John and Rebecca Hall Continuing a Legacy of Land Conservation Through Conservation Easements

John and Rebecca Hall Continuing a Legacy of Land Conservation Through Conservation Easements

One of the more foolish things a community can do is build on its farmland. This is especially true in arid regions where arable land is at a premium. In 1994 Dr. William Droke saw such foolishness creeping into the agricultural lands of the Taos Valley and placed conservation easements on about 18 acres of irrigated farmland on both sides of the Rio Fernando, smack in the heart of the valley.

Traditionally hay and pasture, the Droke Property is irrigated from two historic acequias, the Pacheco Community Ditch and the Acequia Jose Venito Martinez – with the Rio Fernando serving as an artery, pulsing the lifeblood of water into the land as well as hosting a wide diversity of wildlife.

“Well, we bought it not knowing how much work it would be to keep it up. But honestly, it turned out to be just the right fit,” says John Hall. In 2004 John and Rebecca Hall purchased the land from Dr. Droke and settled in. They found the property on a now defunct website that specifically promoted land already under conservation easement. “We’d been looking around the Southwest,” says Rebecca “We knew we wanted a piece of land that was already protected and there is just nothing better than Taos. We fell in love with this the minute we saw it,” she waves her arms out over the land. Taos Mountain, El Salto and Lobo Peak frame the view to the north while Picuris Peak towers to the south. John entices a mule and several horses over with a handful of snacks.

conservation easements

After purchasing the land, the Halls dove right in, cleaning tires and trash from the creek and encouraging beavers to help return the Rio Fernando to a more natural network of laced ribbons of bubbling water. Working with their neighbors, the Halls learned about and took to clearing invasive plant species and enhancing the tall grass fields that they sell to other horse owners in the valley. More recently, they opened their land to the Ninos en la Tierra, a program where the Field Institute of Taos outdoor education summer camp brings children onto conservation lands to learn about river ecology and options for landscape protection.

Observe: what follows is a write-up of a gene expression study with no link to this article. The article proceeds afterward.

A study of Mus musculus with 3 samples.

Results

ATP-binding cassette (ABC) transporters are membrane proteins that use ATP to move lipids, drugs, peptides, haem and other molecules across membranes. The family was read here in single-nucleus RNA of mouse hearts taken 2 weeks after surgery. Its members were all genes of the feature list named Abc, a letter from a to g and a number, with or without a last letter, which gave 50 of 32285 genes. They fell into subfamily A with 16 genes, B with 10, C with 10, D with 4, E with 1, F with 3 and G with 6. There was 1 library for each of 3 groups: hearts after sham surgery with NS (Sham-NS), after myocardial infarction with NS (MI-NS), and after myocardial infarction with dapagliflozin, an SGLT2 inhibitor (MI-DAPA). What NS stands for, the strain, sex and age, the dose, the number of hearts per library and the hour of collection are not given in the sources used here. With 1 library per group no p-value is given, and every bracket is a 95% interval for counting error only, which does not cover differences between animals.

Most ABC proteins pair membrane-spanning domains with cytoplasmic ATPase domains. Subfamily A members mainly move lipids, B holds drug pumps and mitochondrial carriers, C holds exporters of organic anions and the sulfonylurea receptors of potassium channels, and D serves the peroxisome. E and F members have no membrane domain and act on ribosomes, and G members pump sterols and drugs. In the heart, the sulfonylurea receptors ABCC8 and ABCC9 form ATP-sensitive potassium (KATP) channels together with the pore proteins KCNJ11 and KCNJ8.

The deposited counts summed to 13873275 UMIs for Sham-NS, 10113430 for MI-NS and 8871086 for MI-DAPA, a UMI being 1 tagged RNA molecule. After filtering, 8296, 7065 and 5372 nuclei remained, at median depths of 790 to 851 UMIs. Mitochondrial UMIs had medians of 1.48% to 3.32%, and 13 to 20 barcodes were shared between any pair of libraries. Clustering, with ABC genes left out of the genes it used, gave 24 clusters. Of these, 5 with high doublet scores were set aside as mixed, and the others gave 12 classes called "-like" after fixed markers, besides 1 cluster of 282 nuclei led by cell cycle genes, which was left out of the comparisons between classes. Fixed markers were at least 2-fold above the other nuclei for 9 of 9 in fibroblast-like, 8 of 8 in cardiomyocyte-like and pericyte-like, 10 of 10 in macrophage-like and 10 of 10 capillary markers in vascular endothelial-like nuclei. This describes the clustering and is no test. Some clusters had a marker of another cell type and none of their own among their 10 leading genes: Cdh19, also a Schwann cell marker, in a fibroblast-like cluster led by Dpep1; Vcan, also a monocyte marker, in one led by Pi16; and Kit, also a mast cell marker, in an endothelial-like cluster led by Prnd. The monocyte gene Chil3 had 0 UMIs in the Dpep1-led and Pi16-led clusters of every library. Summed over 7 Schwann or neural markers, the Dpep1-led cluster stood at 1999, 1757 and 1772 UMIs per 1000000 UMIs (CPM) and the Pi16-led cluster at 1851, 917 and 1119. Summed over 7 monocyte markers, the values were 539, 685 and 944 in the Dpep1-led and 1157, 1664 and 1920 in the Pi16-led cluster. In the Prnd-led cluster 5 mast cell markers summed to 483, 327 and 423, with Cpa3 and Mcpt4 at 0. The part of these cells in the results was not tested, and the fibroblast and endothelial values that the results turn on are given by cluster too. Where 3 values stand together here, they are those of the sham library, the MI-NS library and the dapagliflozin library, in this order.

The Halls come from a long line of land conservation advocates. Their families donated land for protection in Pennsylvania and Massachusetts as far back as the 1920s. The Halls sought to continue this legacy by purchasing property with the express goal of continuing its protection via conservation easements.

Agricultural lands tend to be the most vulnerable to development pressure. Farmers and ranchers face atriple threat. First, increasing land values inflated by second home buyers and resort development place a painful added tax burden on growers. Second, evolving agricultural economies and fluctuating prices for agricultural products impact the income producers can actually generate. Third, the loss of interest in farming among the younger generation reduces families’ motivation to preserve farmland. All of this makes selling the land or the water rights to developers very hard to resist.

The Halls are determined to see their land remain in agriculture and to keep the water attached to that land. Thus the conservation easements. In 2010 the Halls fought, unsuccessfully, to keep water from being transferred off the Acequia Jose Venito Martinez and they are currently helping to link landowners with landless growers.

conservation easements

“The water belongs on the land,” says John adding that the agricultural history of the valley was one of the many things that initially brought them to Taos.

The Rio Fernando binds the land. It is flush with water and the willows in the marshes of the riparian zone are strong and noisy with bird life. Beaver, muskrat, herons, owls, coyotes and geese all traverse the slack-water making their way through the timothy, fescues and fresh wild mint that perfume the jungle-like riparian forest. Herons stand like statues watching for a fish dinner. A turkey vulture swoops in for a closer look. Red-wing black birds ride cat-tails bending in the evening breeze.

Out in the field the Halls are looking for non-native plants. Rebecca points them out. John bends downand pulls them from the soil. Both are smiling.


Throughout the year, we will be highlighting a number of othe landowners in and around the Taos area who have conservation easements with Taos Land Trust. These are the folks who’ve gone the extra mile to protect large portions of their land for its scenic, agricultural or cultural values. Not to mention future generations.


Jim was born and raised in southern Colorado. He obtained both a BA in Anthropology and a Masters in Community and Regional Planning from the University of New Mexico. After ten years as an archaeologist and Jim served as the lead organizer for the Coalition for the Valle Vidal and after as the Northern Director for the New Mexico Wilderness Alliance. Today Jim works part time as a freelance journalist, conservation photographer and our communications lead. He is the author of “Notes for the Aurora Society” and leads yearly photography workshops to Havana, Cuba.